Sake-Bomb Vs Pee Mak – Film Review

sake-bomb

Director – Janya Sakino

Sake-Bomb is a Japanese comedy that play’s on Asian stereotypes and crude adult culture in order to display its message deep within, that these stereotypes take advantage of innocent people, and create impressions that define them, instead of showing the beauty of their personalities.


However, the film was covered by crude humour surrounding these controversial stereotypes, which made it hard to find funny. This humour really polluted the message, however sweet it was. Especially with a dreary storyline that became increasingly predictable. Everything seemed to fit together too perfectly.

It’s unfair to say this crudeness overpopulated the whole feature, because there was some funny moments, especially the scene with the racist police man who summarised the cultural blindness of some Americans, making generalisations and acting on the stereotypes previously mentioned by Sebastian. I felt that the crudeness out weighed the genuinely funny parts of the film, which made it loose the essence that was intended for such a sweet character like Naoto. Furthermore, it seemed like it was trying too hard to convey messages about the Japanese to the Americans, making it loose its essence as a Japanese film and adopt a cheesy American viewpoint, which added to the dreariness and predictability of the storyline.



Director – Baniong Pisanthanakun

Pee Mak was a stunning all-round hilarious depiction of a Thai ghost story, adapted exquisitely by Pisanthanakun. The story was set in Phra Khanong after Mak and his friends Ter, Puak, Shin, and Aey returned from war. Subtle hints suggested something wasn’t right, and Mak’s friends soon tied the strange goings on to Mak’s wife Nak, who they believed to be a ghost, returned from the dead after giving birth to Mak’s son Dang. After hilarious scenes of their suspicion and Mak’s elegid blind-eye to the whole situation, the plot twisted in several directions, labelling others as the ghost and then hurriedly back to Nak. During this flood of gut-busting visuals, different genre’s appears in the film, switching between the comedy of Mak’s friends, the horror of the ghost and the Romance between Mak and Nak. The latter was incredibly intense at the end, showing the true power of love, with comedic interludes showing Ter, Puak, Shin, and Aey’s ludicrous reactions. It essentially presents Mak with the choice to go with love or normality, and he chooses to love the personality he feel in love with, regardless of imperfections, stereotypes and normality. In this respect, the films voice is extremely strong.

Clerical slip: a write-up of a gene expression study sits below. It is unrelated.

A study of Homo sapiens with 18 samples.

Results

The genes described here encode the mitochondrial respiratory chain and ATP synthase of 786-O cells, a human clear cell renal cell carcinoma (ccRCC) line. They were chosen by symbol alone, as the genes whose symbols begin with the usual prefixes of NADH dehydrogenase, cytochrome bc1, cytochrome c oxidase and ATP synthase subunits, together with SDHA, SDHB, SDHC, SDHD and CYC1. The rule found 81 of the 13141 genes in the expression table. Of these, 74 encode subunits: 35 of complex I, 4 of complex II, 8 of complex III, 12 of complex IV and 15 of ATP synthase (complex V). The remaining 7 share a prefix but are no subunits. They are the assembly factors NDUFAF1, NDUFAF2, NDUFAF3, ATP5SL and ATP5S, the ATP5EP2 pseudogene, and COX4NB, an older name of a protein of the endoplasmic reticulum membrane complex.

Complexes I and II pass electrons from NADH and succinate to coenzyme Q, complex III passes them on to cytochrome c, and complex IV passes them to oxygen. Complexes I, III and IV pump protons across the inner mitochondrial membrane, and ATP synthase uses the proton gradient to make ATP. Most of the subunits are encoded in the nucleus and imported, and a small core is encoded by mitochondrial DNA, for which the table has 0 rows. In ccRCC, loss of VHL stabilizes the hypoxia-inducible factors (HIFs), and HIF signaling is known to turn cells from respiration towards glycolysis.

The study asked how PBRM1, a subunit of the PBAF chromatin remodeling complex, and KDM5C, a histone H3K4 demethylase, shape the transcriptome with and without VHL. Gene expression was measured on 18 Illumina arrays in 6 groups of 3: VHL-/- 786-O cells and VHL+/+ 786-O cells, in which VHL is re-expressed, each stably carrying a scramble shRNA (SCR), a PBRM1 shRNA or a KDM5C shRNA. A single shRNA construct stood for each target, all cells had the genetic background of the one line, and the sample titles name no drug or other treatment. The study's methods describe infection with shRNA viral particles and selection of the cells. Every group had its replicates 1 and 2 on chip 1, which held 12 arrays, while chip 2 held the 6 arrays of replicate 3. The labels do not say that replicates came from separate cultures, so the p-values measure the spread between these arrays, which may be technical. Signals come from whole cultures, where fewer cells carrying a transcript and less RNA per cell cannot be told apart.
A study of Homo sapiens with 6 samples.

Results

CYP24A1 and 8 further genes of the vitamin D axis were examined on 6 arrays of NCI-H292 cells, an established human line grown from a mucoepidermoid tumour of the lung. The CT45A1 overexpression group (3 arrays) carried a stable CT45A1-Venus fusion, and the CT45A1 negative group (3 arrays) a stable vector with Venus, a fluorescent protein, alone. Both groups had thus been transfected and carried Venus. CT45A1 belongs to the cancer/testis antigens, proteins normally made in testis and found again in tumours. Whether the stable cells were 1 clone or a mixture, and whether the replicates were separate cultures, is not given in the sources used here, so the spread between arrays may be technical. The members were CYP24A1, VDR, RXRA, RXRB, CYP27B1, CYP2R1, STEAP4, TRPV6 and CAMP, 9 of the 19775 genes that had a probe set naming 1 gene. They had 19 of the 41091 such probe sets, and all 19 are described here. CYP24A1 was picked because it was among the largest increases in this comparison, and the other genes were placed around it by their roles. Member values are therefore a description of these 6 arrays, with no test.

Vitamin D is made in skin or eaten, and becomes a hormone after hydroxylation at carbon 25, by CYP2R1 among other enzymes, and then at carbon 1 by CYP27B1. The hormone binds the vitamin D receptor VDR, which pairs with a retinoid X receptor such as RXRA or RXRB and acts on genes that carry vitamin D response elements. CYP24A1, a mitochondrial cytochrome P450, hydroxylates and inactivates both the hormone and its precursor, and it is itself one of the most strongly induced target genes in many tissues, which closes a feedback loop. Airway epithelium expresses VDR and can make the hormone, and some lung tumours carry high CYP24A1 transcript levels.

Even though Sake-bomb was Sakino’s debut feature, and the film gained recognition by the south-by-south-west film festival. It’s comedy, story-line, visuals, romance and direction was lost in comparison to Pee Mak. It’s clear that Pisanthanakun has a keen understanding about what the viewer wants, and its comedy would be compared more to older films like Charlie Chaplin and Life of Brian. Sake-bomb plays more into the new wave of crude comedy that emerged from American cinema; and I feel like that’s its problem, its trying too hard to appeal to a wider audience, but it only makes it lose culture and engagement. Even though Pee Mak isn’t intended for wider audiences, its clean comedy plays universally and no matter where you’re from, proves to be an entertaining rollercoaster ride.